The spiritual needs of the American military community are met in part by chaplains from a variety of denominations. Base chapels have many of the same inner workings as a civilian church – choirs, ushers, lay readers, youth programs, Sunday School and steering committees made up of parishioners.
There are differences too. The base chapel may not have a chaplain from your particular denomination. Facilities may be limited and are almost certainly shared between the Protestant and Catholic parishes, so there might be compromises as to how many services and what liturgical style they represent. Likewise, chaplains may be limited in number, such as on very small bases where you might only have one Protestant and one Catholic chaplain serving the needs of the base populace.
My first exposure to Air Force chapels and chaplains came as a result of my dad’s Air Force service. Frankly, I don’t remember a lot of that. I was quite young. Dad then became an Air Force recruiter for 12 years, and we attended “normal” civilian churches.
After I graduated from high school, I entered the United States Air Force Academy and quickly became involved in a variety of Cadet Chapel activities. Besides singing in the Protestant Choir and the Cadet Chorale (which was part Protestant, part Catholic) and dropping an offering plate while serving as an usher during one summer service, I volunteered to help manage a coffee house-style retreat known as the Cheese Cellar, so-named as the Cadet Chapel reminded someone of a great big wedge of cheese.
On any given Saturday evening you might get a random collection of a Protestant cadet-in-charge (me), cadets of a variety of faiths wandering in and out and the duty chaplain that could be a Protestant pastor, a Catholic priest or “the” rabbi. Honestly, it didn’t matter what combination popped up – it worked the same.
Over the course of my own Air Force career, I attended base chapels for most of that time. I sang in choirs, directed choirs, ushered, taught Sunday School (fourth graders!), served as wandering minstrel taking my guitar from class to class, scheduled lay readers and read myself (sometimes learning I was “it” when the scheduled reader failed to stand up at that time in the service) and served on Protestant Parish Councils.
I also served as commander of a training unit based 40 miles northwest of Las Vegas. Our courses were fast-paced, and most involved crawling around in the “moon dust” of the Nevada desert. Our assigned unit chaplain was perfect for us.
He had been a mortar gunner while an enlisted soldier in the Army and after he left the Army he went to school, was ordained and then entered the chaplaincy. When we had a course on board, he would do his normal Sunday morning chapel tasks, then drive up-range sometime Sunday in the afternoon or evening (based on the class schedule) to conduct services for the students and any instructors who cared to attend.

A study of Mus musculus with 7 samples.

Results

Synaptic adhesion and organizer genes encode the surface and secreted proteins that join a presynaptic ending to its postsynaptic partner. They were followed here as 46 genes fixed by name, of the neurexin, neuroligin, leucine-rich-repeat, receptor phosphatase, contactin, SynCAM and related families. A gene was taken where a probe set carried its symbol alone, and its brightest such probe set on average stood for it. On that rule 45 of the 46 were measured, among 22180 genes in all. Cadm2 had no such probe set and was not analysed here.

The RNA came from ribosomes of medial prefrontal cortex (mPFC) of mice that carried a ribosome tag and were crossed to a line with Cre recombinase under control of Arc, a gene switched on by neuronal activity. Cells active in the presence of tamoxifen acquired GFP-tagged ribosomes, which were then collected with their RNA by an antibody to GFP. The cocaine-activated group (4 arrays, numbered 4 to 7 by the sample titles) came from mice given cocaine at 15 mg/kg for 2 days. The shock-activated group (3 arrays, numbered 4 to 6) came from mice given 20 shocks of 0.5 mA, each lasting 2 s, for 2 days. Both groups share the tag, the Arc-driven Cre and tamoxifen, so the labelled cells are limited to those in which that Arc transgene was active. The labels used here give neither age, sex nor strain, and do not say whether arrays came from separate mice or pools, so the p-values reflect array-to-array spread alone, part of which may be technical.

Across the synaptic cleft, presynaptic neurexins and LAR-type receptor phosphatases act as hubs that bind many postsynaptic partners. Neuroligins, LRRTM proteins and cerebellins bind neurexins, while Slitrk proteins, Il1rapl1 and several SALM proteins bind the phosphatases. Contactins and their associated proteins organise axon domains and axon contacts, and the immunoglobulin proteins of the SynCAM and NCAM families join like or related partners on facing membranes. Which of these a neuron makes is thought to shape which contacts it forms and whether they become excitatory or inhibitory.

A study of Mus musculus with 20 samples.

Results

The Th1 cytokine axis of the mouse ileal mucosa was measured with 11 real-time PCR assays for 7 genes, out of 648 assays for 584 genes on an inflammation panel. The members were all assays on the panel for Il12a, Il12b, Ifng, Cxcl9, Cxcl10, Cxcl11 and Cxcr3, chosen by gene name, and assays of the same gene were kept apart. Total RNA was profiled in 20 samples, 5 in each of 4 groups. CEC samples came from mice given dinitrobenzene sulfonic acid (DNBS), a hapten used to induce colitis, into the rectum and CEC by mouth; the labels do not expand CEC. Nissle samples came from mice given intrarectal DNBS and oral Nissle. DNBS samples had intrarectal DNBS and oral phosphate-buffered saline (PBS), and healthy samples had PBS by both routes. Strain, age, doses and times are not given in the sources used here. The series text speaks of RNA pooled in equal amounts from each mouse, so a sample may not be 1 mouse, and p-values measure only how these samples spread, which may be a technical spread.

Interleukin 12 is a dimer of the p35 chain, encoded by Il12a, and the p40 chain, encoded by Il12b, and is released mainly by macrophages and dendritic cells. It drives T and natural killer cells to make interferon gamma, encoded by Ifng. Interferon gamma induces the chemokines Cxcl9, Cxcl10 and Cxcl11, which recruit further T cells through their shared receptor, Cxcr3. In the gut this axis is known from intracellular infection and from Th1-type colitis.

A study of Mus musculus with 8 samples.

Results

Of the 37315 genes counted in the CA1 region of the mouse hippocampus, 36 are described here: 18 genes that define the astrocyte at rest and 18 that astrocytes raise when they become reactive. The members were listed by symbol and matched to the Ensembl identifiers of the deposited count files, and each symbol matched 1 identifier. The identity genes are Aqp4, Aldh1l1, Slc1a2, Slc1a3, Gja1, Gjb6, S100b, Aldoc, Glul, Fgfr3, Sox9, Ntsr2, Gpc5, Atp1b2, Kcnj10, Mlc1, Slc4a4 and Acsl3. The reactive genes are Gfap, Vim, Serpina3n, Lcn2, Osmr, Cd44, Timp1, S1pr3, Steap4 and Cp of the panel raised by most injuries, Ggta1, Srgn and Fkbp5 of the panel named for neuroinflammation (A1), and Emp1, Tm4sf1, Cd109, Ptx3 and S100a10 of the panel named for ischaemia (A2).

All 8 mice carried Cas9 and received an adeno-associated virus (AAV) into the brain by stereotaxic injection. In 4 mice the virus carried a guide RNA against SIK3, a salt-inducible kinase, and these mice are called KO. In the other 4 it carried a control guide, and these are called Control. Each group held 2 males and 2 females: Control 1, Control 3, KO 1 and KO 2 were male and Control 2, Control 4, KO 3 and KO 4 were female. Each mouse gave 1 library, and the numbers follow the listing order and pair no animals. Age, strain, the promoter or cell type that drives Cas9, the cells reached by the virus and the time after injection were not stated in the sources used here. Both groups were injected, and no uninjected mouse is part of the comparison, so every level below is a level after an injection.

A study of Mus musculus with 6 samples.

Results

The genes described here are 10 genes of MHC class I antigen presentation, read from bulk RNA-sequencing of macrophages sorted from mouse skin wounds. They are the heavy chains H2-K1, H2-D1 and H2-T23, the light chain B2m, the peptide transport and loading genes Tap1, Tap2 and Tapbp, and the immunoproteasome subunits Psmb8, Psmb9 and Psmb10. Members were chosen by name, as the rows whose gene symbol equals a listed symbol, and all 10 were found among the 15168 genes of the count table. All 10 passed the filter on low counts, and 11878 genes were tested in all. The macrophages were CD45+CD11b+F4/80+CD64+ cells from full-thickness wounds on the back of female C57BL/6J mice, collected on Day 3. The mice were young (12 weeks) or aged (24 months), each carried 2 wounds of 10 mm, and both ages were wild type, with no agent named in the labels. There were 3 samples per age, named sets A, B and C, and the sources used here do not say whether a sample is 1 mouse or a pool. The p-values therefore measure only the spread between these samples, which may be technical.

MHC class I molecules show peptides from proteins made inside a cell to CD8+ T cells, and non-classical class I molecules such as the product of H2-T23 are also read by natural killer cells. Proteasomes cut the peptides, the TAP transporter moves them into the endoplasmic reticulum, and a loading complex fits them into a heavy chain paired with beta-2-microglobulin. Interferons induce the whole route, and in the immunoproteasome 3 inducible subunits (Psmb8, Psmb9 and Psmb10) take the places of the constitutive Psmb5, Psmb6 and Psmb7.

During this same period the installation chaplain, who happened to be a Catholic priest and who I would constantly wheedle and beg to PLEASE leave our favorite chaplain out of the next round of “musical chaplains” (reassigning unit chaplains), would see a cluster of desert uniforms (my unit) at a function and come right over.
Finally I asked “Father, what’s up with the beeline for the desert uniforms at every function?” Father replied, with his faint Irish accent a bit more pronounced, “Well, William, it’s like Jesus and the tax collectors; I go where I’m needed most.”
When I deployed to Fort Bragg for the Haiti invasion that never happened, I ran into an Army chaplain, his rucksack stretched to the limit and ready to parachute in if necessary or be on one of the first aircraft to land after the drop.
I guess those vignettes summarize the military chaplain – go to the need. The better ones didn’t sit in their office waiting for business to come to them, although some time must be allotted for that eventuality. The best ones were out and about visiting their assigned units and the base populace at large, including visits made during the “hard hours” when most of the base is asleep but some folks like the security forces, fire department, aircraft maintenance, aircrews on night missions to name a few, are busy protecting you as you sleep.
What makes the military parishioner different? Some differences are easy to see. They are ready to deploy anywhere in the world at short notice and in the extreme case, to give their lives defending what they believe in and the people they serve with. They may leave someone behind, they may not. Having said that, they generally represent a cross-section of the population they protect. They may speak a different language of sorts, but they have the same needs.
Written by Bill Peterson. Describing himself as “second generation Air Force,” Bill was born into Air Fore life, attended the United States Air Force Academy, traveled the world, and retired after serving twenty-eight years on active duty as a security forces officer, doctrine mentor and homeland operations advisor. His last “job” was volunteering with a Congressional campaign. He designs and flies computer flight simulation aircraft and shares a house in Montgomery, Alabama with a pet ferret, Rachel, who happens to be deaf.